Warning signs. (Reuters/Richard Carson)
For the second year running, business and political leaders think the world’s biggest threat is extreme weather, according to the latest Global Risks Report by the World Economic Forum (WEF) published today...
In recent years, economic risks such as market collapses, fiscal crises, and systemic financial failures, have dropped down the list of concerns, replaced with fears about the environment. WEF, which runs the annual conference in Davos for global elites, found that three of the five most likely global risks for 2018 were environmental—extreme weather, natural disasters, and failure to mitigate climate change. (The report is based on a survey of almost 1,000 experts in business, government, and civil society, mostly polled in September and October last year.)
Of the risks that could have the biggest impact to the world, after weapons of mass destruction, the next three are environmental.
|Most likely risks||Biggest impact risks|
|1||Extreme weather events||Weapons of mass destruction|
|2||Natural disasters||Extreme weather events|
|3||Cyber attacks||Natural disasters|
|4||Data fraud or theft||Failure of climate change mitigation & adaption|
|5||Failure of climate change mitigation & adaption||Water crises|
Before 2010, environmental risks didn’t register in the top five concerns at all...
The world was struck—seemingly relentlessly—by hurricanes, floods, wildfires, and earthquakes in 2017. Around the time the WEF was conducting its survey, Hurricane Irma was ravaging the Caribbean and Florida, shortly after Hurricane Harvey had caused destructive floods in Texas, and both before Hurricane Maria wiped out power in Puerto Rico. What’s more, for the first time in years, Co2 emissions increased in 2017, putting the Paris climate accord’s goal of net-zero emissions by about 2050 even further out of reach.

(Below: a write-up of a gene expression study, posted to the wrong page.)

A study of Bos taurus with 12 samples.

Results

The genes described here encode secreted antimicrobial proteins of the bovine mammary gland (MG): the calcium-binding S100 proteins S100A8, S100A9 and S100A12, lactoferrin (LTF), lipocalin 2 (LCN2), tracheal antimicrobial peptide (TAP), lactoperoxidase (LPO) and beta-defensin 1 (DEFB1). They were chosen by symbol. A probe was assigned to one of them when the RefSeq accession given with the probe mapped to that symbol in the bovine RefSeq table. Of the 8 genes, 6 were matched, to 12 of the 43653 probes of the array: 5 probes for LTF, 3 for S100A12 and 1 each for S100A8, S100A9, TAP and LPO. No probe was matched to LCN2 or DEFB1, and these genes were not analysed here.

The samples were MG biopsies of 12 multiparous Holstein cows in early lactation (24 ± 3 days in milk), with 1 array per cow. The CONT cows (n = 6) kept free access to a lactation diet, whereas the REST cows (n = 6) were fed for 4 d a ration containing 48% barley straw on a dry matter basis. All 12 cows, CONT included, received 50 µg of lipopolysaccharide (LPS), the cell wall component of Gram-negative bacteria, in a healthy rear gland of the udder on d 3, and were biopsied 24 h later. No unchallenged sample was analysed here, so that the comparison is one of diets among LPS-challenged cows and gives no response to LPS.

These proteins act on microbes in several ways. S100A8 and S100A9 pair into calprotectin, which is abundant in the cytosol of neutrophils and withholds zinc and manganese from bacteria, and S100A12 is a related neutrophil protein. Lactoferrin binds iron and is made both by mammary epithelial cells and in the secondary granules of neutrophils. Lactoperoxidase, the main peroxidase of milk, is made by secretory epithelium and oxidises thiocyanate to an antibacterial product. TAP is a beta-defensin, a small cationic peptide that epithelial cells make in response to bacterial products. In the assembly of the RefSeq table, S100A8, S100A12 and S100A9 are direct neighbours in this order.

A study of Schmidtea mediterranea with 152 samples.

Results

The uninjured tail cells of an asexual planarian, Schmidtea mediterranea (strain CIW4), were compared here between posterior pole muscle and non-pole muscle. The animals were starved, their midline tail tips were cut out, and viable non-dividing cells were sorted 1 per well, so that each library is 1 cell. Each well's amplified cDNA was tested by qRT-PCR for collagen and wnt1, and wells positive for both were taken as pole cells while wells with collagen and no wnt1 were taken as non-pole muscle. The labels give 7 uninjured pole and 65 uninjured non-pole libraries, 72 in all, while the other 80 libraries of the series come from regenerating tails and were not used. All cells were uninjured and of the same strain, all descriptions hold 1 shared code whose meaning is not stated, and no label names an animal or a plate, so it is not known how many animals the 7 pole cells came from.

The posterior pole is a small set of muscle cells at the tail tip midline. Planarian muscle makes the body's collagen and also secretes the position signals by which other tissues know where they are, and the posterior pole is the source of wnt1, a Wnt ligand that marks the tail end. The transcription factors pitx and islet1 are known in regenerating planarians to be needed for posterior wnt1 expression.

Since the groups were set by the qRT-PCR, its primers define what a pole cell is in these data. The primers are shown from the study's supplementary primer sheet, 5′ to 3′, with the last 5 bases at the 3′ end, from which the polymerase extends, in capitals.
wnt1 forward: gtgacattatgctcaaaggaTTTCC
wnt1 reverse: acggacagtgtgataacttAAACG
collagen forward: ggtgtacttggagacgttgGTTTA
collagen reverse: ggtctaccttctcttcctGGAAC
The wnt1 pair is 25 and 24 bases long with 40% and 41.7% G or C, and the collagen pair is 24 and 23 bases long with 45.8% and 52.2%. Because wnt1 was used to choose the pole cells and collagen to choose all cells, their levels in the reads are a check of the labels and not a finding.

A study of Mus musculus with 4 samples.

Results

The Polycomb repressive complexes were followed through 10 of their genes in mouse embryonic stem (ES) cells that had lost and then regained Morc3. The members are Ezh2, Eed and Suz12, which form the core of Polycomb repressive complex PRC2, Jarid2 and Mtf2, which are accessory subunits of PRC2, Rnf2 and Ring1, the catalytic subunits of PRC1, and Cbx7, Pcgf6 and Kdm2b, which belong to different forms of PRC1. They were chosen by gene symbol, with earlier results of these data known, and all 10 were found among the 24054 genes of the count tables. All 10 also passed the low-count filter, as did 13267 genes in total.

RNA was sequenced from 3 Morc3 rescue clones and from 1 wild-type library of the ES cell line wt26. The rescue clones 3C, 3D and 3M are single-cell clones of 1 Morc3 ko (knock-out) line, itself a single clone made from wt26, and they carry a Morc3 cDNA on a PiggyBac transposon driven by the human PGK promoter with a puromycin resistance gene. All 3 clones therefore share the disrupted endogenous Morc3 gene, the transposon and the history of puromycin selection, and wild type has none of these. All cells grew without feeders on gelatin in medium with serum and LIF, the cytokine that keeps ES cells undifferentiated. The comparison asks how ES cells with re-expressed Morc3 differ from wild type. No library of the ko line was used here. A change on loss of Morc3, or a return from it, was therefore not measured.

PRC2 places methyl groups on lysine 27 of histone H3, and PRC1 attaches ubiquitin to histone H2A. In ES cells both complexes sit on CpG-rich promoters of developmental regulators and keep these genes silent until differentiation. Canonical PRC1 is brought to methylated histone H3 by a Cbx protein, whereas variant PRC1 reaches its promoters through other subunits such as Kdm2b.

So, it’s easy to see why the environment tops the list of risks. In 2017, the economic losses from natural and man-made disasters reached $306 billion, almost double the previous year’s cost, according to Swiss Re. The US was hit the hardest, and these figures don’t even capture the full extent of suffering from environmental disasters. By definition, richer countries book higher economic losses (more valuable infrastructure is destroyed) but parts of south and southeast Asia suffered catastrophic floods that led to thousands of deaths, while people in poorer parts of the world are displaced by global warming.
“We have been pushing our planet to the brink and the damage is becoming increasingly clear,” the WEF says in the report. “A trend towards nation-state unilateralism may make it more difficult to sustain the long-term, multilateral responses that are required to counter global warming and the degradation of the global environment.”
Aside from the environment, there are many other risks that business bosses and political leaders are worried about. More than 90% of survey respondents said they expect an increase in frictions between major global powers, while 80% said they also expect an increase in risks stemming from state-on-state military conflict and large-scale cyber attacks.
That’s plenty of material for the global elite to discuss over fondue in Davos next week.